Tuesday, April 30, 2013

Fly Over Country

Dallas Willard's The Divine Conspiracy was one of the very few books we brought overseas with us way back when we first launched this journey.  Great book.  And now I've finally gotten around to reading Willard's The Spirit of the Disciplines.  

I have imagined myself as one attempting to imitate Christ, but Willard shows me for what I really am.  I tend to read the Gospels with an almost exclusive focus on the red letters (well, they used to be red anyway).  Much of the narrative black print between the red lettered sections had become fly over country for me.  Interesting terrain to look down at from thirty-thousand feet, but I'm more or less biding my time until I arrive at my destination: the rich teachings of the Master.

The call to "follow me" had been reduced to "follow my teaching."  I have spent far more energy trying to follow what Jesus taught than I have attempting to mimic how he actually lived his life in those long stretches of black print.

And Willard calls our attention to this.  If we hope to become Christlike, we follow the Master's way of life, not just his amazing teachings.

Willard points out that Jesus was, well, Christlike--sermon-on-the-mount-like--in the crisis moments of his life not simply because he was Christ, but because he had been training for these moments all of his life.  Reading the narratives we see how he wove into his life a pattern of spiritual disciplines that kept him connected to his Father and developed deep patterns of Godliness that enabled him to react in a Godlike way when the evil moments were thrust upon him.

Willard contends that it is ludicrous for followers of the Master to expect that we will be able to turn the other cheek, go the extra mile, love our enemies, hide the good that we do--to be like Jesus in these more extreme moments--if we have not trained as he did in the everyday flyover country of our lives.
We cannot behave "on the spot" as he did and taught if in the rest of our time we live as everybody else does.  The "on the spot" episodes are not the place where we can, even by the grace of God, redirect unchristlike but ingrained tendencies of action toward sudden Christlikeness.  Our efforts to take control at that moment will fail so uniformly and so ingloriously that the whole project of following Christ will appear ridiculous to the watching world.  We've all seen this happen.
The secret?  Jesus' secret?  Spiritual disciplines.  I did a quick scan of the Gospels, and the numerous disciplines Jesus practiced jumped off the pages.  Some were not so obvious: though we don't see it described, his discipline of scripture memory must have been astounding--word-perfect recall after not eating for forty days?  In my quick sweep of the black-lettered narratives, I frequently caught Jesus in the practice of solitude and of prayer.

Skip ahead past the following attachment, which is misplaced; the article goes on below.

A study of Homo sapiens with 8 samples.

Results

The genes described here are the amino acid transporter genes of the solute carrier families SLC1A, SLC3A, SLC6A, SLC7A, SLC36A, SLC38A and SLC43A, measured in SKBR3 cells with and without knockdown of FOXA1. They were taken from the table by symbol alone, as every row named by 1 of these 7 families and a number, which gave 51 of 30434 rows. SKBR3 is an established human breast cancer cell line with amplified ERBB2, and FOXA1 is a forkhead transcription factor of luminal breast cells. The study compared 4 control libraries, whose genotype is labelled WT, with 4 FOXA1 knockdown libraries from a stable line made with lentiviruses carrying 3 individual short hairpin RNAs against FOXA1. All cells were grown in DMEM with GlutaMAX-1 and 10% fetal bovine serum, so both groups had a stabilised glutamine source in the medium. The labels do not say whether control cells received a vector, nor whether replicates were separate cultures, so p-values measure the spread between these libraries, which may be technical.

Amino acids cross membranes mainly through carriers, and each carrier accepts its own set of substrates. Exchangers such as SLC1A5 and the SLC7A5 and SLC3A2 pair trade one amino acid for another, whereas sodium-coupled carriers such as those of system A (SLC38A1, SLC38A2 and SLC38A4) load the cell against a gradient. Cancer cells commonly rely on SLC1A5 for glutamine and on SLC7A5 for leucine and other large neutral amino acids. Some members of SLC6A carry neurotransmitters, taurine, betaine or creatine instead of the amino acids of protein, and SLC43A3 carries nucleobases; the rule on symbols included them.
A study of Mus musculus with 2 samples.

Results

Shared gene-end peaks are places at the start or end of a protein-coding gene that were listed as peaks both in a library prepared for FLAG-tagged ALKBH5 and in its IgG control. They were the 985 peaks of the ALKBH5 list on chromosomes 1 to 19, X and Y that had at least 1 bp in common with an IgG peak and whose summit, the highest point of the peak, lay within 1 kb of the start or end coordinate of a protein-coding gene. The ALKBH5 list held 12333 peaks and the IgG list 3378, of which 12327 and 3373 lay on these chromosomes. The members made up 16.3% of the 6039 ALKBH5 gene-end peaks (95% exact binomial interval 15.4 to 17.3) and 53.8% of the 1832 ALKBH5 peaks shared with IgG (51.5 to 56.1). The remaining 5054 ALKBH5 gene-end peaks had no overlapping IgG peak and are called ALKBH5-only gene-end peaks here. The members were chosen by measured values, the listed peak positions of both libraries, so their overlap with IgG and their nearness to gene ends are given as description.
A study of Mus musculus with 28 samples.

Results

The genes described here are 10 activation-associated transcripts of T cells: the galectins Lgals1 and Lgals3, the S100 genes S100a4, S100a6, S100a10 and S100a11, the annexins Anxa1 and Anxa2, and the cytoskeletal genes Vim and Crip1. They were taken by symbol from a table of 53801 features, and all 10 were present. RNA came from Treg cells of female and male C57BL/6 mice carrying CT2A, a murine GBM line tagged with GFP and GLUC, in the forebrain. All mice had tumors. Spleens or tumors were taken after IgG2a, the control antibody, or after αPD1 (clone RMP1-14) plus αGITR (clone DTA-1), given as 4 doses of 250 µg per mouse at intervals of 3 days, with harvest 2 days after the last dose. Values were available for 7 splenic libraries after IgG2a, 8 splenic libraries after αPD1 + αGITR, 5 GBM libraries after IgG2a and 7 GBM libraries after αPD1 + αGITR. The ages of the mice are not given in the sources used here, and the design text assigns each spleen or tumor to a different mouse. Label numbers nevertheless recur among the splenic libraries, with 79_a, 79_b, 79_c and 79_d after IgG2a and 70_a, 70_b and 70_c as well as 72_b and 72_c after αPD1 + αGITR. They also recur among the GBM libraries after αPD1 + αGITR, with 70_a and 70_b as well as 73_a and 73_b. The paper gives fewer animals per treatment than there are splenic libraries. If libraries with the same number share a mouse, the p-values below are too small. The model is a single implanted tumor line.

Alone.  On a mountain.  Praying.

And he says, follow me.

If there was an easier way, 
you better believe Jesus would have been the first to tell you.

--Dallas Willard

Sunday, April 21, 2013

Garbage Church

The small group of believers we worship with is a motley crew of messed up people if there ever was one.  Any given Sunday sees the rough block building with the uneven cement floor and the cheap plastic seats filled with prostitutes, drunks, swindlers...and a bunch of the rest of us more normal sinners.  We are all in the process of being transformed by our encounters with Jesus.  The pastor himself is an ex-drunk whom Jesus turned into one of the most passionate preachers I have ever heard.

Every Sunday we have an open mike testimony time, and it can be surreal.  One of the women in the the church shared that she had finally submitted to conviction and gone to ask forgiveness from the woman she had stabbed for cheating with her husband.  A young man shared recently that the reason he's there is because he'd seen the guy playing the bass guitar take a dramatic turn from a life of destructive sin to one filled with joy, purpose, job and family. He wanted his own life, currently caught in the self-destructive vortex of drugs/sex/drink, to experience the same change.  Last week a woman asked for us to pray for her as she tries to reach out to the woman who is currently sleeping with her husband.

One of the leaders told us that some in town refer to the place as The Garbage Church.  Human detritus filters in here.  So much so, that when the pastor saw our neatly dressed missionary family slip in the back for the first time his shocked mind assumed we'd gotten lost and wandered into the wrong place. Three weeks in a row I've watched the same toddler pee smack in the middle of the center aisle while her barefoot mom looks on adoringly.  The barefoot mom and her brood are fresh out of the jungle.  Simple, uneducated, dirty clothes...and welcome here.  Eventually they'll figure out there's an outhouse behind the church, but until then no one scorns them.  After all, how much effort does it cost us to step across a puddle on our way to the front at offering time?

And it seems to me that Jesus actually goes out of his way to encounter the prostitutes, drunks, swindlers, and kids who pee on the church floor.  He seeks out the broken.  He doesn't seem much interested in those who think they're something special.

Been poking around the first book of Peter, and have been hit by the words from Proverbs that Peter quotes towards the end of his writing:

God opposes the proud,
but gives grace to the humble.

Kind of lays out God's stance pretty clearly.  If I am proud, the God who created the universe is in opposition to me.  If I am broken, he's on my side.

What a gift to be surrounded by people who remind me to stay broken.